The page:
FWBS say: No, this is what Windows 7 is all about
We're not sure if this is the last trending topic on this year or the first trending topic of next year but FWBS has now added its thoughts on the Microsoft Windows 7 compliance etc debate…
“FWBS were again one of the first registered applications for compatibility with Windows 7. By leveraging key technologies such as Restart Manager and supporting the User Access Control features of Windows 7 has enabled a Lights Up* for customers to benefit from using Matter Centre in Windows 7. Additional features including support for Sidebar gadgets and Colour schemes to support the Office platform make the user experience more friendly. Further support for Jump Lists and other Aero UI features including touch are supported.”
(* Editors note: The lights up reference is Microsoft marketing parlance for looks nice/works well.)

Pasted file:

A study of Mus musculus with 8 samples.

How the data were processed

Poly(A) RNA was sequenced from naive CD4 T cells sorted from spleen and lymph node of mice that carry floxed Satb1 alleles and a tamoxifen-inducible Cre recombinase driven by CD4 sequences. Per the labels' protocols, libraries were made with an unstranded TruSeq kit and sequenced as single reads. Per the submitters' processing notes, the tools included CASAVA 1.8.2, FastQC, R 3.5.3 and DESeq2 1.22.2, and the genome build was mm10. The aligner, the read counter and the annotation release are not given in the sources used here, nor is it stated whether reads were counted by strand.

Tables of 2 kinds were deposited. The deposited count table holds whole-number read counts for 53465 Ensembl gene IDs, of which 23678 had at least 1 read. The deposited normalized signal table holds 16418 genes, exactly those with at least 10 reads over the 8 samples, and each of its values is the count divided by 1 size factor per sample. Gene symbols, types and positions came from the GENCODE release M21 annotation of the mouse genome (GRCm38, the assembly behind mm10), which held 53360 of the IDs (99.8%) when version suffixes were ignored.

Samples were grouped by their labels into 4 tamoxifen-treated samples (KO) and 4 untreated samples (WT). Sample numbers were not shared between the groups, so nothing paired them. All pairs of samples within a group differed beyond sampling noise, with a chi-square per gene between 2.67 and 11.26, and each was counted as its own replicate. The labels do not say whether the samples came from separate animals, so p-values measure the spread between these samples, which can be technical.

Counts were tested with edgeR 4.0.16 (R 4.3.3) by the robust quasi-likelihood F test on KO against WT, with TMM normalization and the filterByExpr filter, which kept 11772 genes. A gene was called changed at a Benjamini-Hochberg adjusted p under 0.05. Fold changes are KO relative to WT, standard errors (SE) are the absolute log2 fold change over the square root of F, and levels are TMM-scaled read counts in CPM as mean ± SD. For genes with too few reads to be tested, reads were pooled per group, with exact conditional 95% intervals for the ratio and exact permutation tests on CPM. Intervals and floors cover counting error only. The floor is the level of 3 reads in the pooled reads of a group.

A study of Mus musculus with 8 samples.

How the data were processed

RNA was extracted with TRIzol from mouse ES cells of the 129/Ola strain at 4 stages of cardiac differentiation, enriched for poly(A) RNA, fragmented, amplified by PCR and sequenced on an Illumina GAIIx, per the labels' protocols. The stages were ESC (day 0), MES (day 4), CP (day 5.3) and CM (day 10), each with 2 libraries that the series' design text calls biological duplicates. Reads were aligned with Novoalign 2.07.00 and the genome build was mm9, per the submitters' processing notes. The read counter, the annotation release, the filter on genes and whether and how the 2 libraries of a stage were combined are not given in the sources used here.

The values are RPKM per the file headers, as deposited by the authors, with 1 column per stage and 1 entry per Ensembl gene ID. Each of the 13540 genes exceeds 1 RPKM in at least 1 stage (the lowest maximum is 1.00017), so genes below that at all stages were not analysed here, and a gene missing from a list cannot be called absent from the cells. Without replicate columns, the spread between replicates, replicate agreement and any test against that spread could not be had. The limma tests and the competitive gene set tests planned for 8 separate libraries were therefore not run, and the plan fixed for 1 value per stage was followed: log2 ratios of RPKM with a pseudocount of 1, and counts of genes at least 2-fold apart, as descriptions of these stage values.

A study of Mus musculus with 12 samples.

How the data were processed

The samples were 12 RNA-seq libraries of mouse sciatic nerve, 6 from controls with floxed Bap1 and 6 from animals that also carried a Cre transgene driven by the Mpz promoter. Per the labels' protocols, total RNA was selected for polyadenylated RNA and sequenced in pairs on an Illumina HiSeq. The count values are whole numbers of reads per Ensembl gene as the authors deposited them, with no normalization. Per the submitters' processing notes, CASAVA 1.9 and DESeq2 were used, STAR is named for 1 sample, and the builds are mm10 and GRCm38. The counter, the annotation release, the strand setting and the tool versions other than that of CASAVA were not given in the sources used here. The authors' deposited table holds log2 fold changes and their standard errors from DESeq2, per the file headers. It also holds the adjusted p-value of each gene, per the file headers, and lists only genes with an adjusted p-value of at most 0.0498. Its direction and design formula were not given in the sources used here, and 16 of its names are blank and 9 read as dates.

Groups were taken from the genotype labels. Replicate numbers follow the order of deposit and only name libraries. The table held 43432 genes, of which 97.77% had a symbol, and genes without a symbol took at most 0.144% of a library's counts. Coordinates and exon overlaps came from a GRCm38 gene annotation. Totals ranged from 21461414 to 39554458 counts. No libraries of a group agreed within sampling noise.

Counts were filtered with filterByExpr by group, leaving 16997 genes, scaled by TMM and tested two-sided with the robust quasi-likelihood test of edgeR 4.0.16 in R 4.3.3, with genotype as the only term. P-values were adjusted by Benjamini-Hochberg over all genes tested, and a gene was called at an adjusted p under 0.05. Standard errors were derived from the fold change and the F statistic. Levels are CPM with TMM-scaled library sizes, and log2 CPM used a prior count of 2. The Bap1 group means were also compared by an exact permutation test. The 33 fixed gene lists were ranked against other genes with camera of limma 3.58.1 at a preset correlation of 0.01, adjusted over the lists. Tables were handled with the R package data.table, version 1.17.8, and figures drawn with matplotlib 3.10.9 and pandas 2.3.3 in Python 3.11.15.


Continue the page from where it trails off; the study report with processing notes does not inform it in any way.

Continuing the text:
It’s also worth noting that there is a formalised program for Win7 certification, so any product development plans need to be clearly implemented and take account of this statement on the Microsoft website.
The Windows platform has a broad ecosystem of products and partners that supports the platform. Displaying the Windows logo on your product represents a relationship and a shared commitment to quality between Microsoft and your company. Customers trust that seeing the Windows brand on your product ensures that it meets compatibility standards and performs well on the Windows platform.
The Windows 7 Software Logo program is made up of policies and requirements that help ensure logo’d applications are easy to install and reliable on PCs running Windows 7. The purpose of this document is to outline the technical requirements and eligibility qualifications an application must meet in order to participate in the Windows 7 Client Software Logo Program.
And this is the Windows 7 logo – which can be found on the FWBS website.